A Dangerous Trend for Moms, Babies … and Women as a Whole?
Sure, some women are born overachievers, you might argue—and good for them. But in the wake of Mayer’s announcement, many wondered whether her decision to forgo a traditional maternity leave would put other working women at risk.
In the online magazine Slate, one writer opined: “Mayer needs time to emotionally and physically recover … [it's] nuts to forget that there is a BABY involved here.”
Others queried whether her decision would set a bad example for other women looking to juggle motherhood and a career: Namely, would HR departments and bosses then expect more new moms to follow suit—by literally suiting up again mere weeks after giving birth?
And why did Mayer—and other ladies who choose to launch when they have an ambitious new project to tackle at home—feel the need?
“For some women, working through pregnancy or using the same set of skills used on the job while on leave may be an effort to maintain normalcy,” says Jonathan Alpert, psychotherapist and author of “Be Fearless: Change Your Life in 28 Days.”
The brain is craving certainty, says Alpert, so if overachieving is your norm, it may actually be hard to slow down—even with a newborn to contend with. “While working hard may not be advisable from a physical perspective,” he explains, “it may be a positive coping mechanism that helps the mother deal with the uncertainty associated with a baby.”
In other words, staying in work mode may allow frazzled new moms—used to a demanding work routine—to maintain some sense of their former selves.
Who Creates the Need to Overachieve?
Another weighty question: Is our inability to be home with our babies—without refashioning ourselves as CEOs while they nap—something innate in modern-day women, or a response to outside pressure?
“Women get stuck in a cycle of fear where they can’t see all the other things that are important in life,” says Shari Goldsmith, a life coach and mental health therapist. “It’s often difficult to be a woman in a workplace, and some fears related to falling behind may be valid.”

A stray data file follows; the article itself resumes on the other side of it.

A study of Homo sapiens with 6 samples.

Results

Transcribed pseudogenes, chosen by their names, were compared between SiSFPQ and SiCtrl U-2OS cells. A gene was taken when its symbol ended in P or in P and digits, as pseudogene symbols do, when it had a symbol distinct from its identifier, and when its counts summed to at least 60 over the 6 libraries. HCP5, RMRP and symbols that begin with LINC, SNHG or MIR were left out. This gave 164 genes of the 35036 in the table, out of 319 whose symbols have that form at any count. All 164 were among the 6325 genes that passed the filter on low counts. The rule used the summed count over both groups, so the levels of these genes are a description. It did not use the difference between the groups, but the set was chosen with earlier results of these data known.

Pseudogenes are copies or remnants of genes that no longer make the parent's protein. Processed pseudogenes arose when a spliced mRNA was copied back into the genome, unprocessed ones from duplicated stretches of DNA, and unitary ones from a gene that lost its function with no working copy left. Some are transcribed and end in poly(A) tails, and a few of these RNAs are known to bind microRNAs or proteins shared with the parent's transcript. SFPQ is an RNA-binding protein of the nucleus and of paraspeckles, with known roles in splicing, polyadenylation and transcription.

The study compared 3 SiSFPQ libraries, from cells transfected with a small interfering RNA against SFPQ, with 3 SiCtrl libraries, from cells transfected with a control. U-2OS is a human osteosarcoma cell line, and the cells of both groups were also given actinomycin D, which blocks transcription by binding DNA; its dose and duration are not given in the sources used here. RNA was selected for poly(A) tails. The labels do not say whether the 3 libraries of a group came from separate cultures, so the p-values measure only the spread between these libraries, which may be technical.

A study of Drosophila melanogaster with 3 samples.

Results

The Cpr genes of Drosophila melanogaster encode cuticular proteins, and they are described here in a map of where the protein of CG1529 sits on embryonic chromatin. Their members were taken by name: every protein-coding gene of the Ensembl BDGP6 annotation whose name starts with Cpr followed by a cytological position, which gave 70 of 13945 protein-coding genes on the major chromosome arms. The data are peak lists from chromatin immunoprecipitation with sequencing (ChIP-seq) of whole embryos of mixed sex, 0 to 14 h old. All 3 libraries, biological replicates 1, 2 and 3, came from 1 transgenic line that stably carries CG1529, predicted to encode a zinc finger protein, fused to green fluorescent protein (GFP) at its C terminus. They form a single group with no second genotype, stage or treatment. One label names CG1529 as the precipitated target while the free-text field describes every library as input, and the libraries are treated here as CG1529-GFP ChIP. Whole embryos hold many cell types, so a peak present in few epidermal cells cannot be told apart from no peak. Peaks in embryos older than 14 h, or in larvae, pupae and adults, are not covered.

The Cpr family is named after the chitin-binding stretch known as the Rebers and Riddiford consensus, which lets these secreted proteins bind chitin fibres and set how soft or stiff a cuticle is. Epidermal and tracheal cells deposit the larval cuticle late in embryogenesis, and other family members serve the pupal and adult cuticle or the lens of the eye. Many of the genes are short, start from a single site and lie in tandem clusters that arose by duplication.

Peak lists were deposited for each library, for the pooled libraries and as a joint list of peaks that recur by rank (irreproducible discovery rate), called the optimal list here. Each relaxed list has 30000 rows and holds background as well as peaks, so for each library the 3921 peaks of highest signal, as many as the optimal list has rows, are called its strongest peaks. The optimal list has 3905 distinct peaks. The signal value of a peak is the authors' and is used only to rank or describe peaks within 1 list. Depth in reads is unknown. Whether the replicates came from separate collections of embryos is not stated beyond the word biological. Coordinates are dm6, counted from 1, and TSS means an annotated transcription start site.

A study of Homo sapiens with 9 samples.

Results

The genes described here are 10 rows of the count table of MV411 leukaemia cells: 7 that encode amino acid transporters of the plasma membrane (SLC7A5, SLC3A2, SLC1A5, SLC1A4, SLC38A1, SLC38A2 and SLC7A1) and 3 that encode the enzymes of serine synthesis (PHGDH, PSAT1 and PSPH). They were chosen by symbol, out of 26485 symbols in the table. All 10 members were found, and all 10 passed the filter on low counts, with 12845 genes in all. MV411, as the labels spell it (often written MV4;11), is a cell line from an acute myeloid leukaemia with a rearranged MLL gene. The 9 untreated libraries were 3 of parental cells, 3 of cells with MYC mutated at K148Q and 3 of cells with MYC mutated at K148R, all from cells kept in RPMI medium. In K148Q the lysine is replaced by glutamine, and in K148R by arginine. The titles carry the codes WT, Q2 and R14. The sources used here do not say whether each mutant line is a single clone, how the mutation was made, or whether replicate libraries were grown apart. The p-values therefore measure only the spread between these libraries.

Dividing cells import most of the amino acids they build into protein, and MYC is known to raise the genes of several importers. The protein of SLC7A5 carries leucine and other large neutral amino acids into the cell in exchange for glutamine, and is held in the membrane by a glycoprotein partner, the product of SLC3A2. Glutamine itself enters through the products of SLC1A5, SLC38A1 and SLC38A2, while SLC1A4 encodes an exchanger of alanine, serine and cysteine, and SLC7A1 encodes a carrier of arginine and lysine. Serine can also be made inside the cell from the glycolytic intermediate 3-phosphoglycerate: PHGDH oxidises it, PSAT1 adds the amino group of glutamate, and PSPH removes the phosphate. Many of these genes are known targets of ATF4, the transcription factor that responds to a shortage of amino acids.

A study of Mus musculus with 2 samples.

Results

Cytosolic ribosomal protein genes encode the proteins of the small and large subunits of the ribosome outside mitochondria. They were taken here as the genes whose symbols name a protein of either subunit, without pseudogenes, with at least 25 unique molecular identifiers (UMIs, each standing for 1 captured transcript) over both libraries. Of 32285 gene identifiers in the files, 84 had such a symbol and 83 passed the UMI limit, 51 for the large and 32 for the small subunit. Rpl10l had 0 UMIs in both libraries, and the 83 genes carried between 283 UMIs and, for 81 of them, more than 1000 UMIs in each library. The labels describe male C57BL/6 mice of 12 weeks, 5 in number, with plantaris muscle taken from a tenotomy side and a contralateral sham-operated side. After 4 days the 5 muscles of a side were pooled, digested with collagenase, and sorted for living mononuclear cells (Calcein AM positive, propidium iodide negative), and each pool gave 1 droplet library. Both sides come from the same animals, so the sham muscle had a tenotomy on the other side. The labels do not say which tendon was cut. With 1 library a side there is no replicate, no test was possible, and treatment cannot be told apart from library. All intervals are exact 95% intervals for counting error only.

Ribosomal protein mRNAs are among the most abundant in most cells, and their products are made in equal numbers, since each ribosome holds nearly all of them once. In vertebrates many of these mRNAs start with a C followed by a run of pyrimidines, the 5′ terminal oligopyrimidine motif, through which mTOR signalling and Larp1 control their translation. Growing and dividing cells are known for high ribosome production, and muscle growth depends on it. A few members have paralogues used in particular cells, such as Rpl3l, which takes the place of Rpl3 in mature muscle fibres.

But there’s also a difference between a natural-born entrepreneur who just happens to have a newborn and someone who’s having a hard time transitioning from her 24/7 attachment to her Blackberry. Or worrying that being away for that amount of time could cause her to fall behind on the job.
“The reality is that women notice and respond to those subtle societal pressures to be better, stronger and smarter, and they make choices accordingly,” says mom of two Samantha Krigsvold. “As a professional woman, breadwinner and mother of two young children, my choice to take an abbreviated maternity leave was absolutely tied to an underlying pressure to prove I could handle it all.”
The experts agree: “Women hear over and over again the message that they’re supposed to be able to manage it all—a career and a family. When it comes to taking maternity leave, there are very real fears of being seen as uncompetitive or dispensable,” says Ford Myers, a career coach and author of “Get the Job You Want, Even When No One’s Hiring.”
But Isn’t Just Having a Baby Enough?
Then again, for many women, wanting to go back to work at all, let alone double down on it during their downtime, just doesn’t compute.